The vast majority of MS lesions are centered on a post-capillary venule. This vasocentric nature of MS lesions stands as one of the most consistent and important observations first made by pathologists of the late 19th century. While the vasocentric nature of lesions is well defined, it remains unclear why MS lesions are centered on a blood vessel. Barnett and Prineas argue that when MS lesions first form, injury to the blood-brain barrier, along with oligodendrocyte death, constitute the earliest events in MS lesion formation. The vasocentric nature of MS lesions coupled with this early blood-brain barrier injury supports the hypothesis that the blood-brain barrier itself is a primary target in the MS disease process.
The fate of the earliest or newly forming lesion is at least twofold. The lesion can resolve with removal of the dead oligodendrocytes and degenerated myelin, followed by robust regeneration of myelin by resident multipotent stem cells termed oligodendrocyte progenitor cells (OPCs). Alternatively, the lesion can evolve into a highly inflammatory lesion with B and T lymphocytes (B-cells and T-cells) surrounding the blood vessel and many macrophages within the lesion digesting degraded myelin. We currently term this latter lesion an “active lesion”. MRI can identify these new “active lesions” when intravenous contrast dye is administered, since the dye passes through an extremely damaged blood brain barrier and stays within the brain for enough time to be detected by the MRI.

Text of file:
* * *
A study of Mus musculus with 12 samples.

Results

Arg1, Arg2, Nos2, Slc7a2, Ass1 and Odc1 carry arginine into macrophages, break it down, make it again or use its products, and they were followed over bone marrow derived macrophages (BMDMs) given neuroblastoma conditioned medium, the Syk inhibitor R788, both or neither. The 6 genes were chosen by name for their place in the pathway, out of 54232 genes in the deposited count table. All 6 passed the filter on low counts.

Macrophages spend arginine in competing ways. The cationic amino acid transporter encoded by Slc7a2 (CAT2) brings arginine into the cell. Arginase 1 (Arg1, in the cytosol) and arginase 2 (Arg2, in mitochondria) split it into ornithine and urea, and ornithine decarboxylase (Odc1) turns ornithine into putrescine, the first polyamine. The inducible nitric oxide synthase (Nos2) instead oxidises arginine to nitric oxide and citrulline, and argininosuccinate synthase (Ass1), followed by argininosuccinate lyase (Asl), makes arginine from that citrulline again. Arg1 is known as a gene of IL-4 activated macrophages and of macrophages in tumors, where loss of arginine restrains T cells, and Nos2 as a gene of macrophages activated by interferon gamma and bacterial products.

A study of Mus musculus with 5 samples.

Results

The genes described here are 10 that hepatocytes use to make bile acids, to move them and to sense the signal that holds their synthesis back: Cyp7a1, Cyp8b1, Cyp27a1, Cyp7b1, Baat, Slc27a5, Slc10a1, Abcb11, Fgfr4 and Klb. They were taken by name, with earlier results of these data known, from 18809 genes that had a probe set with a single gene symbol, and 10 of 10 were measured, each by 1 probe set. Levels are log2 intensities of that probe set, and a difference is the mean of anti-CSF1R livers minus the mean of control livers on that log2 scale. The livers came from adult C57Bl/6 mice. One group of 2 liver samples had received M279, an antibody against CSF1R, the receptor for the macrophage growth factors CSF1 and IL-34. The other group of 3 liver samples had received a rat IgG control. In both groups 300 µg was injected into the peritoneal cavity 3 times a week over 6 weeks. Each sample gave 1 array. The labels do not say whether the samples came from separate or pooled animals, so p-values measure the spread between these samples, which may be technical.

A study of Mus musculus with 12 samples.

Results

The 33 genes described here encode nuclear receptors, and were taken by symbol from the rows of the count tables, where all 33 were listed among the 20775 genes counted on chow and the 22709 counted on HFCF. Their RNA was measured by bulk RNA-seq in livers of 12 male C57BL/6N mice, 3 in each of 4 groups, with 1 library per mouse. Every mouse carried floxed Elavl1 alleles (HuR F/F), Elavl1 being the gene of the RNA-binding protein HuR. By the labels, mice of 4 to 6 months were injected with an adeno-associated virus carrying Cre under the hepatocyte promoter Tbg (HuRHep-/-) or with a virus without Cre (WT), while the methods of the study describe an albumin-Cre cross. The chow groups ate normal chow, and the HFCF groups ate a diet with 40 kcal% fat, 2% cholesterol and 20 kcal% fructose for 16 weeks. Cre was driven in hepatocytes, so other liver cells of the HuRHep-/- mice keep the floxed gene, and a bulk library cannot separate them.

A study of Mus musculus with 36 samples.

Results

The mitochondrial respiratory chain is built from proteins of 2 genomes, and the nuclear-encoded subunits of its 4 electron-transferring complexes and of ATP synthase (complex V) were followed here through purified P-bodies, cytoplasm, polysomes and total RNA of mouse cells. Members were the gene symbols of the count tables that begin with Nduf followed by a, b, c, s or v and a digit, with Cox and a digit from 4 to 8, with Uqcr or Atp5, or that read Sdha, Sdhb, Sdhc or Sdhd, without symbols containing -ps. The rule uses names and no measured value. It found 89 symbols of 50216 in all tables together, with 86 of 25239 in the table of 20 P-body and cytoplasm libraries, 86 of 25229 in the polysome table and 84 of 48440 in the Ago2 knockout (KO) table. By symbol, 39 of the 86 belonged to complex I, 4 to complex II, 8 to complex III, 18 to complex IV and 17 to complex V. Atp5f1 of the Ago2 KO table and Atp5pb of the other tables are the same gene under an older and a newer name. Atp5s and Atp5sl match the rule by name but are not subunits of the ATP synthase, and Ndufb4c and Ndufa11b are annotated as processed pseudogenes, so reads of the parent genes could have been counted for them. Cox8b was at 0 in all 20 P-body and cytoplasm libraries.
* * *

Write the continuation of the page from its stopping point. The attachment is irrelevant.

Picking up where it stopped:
As the inflammation within an active lesion resolves, the blood-brain barrier begins to repair itself. Within a few weeks, the intravenous contrast dye cannot penetrate the repaired barrier to enter the CNS. The inability to visualize contrast dye within an MS lesion often leads patients, physicians and even scientists to conclude erroneously that the BBB is fully repaired and the lesion no longer active.
However, we think that the BBB never fully repairs itself in MS unless the brain tissue within the lesion has returned to normal. Instead, we think there is a chronic (long-term) opening of the BBB that is not as severe as when contrast-enhancing lesions can be observed on MRI yet open enough that molecules from the blood seep into the lesions. Molecules that seep into the brain through a leaky BBB fall into the category of DAMPs and function to impede remyelination.
Central Nervous System blood vessels have special characteristics designed to provide critical nutrients while limiting the transfer of potentially toxic molecules from blood into the brain, spinal cord and retina. The power of this CNS barrier can be simply realized by considering the appearance of blood, which all of us have seen, to the appearance of cerebrospinal fluid (CSF), which is a clear colorless liquid that looks like water. From the complex composition of blood, the BBB generates the highly specialized CSF for CNS function.
To create the very specific milieu optimal for CNS function the BBB has acquired specialized functions. These include: a zipper-like structure between the cells that line blood vessels termed tight junctions; tight regulation of vesicle traffic between the blood side and the brain side of the blood vessel; specialized transporters that actively move necessary molecules into the brain (like glucose) and transport toxic molecules out of the brain; and enzymes that degrade molecules potentially hazardous to CNS function. This complex interaction between brain cells and blood vessels is termed the neurovascular unit.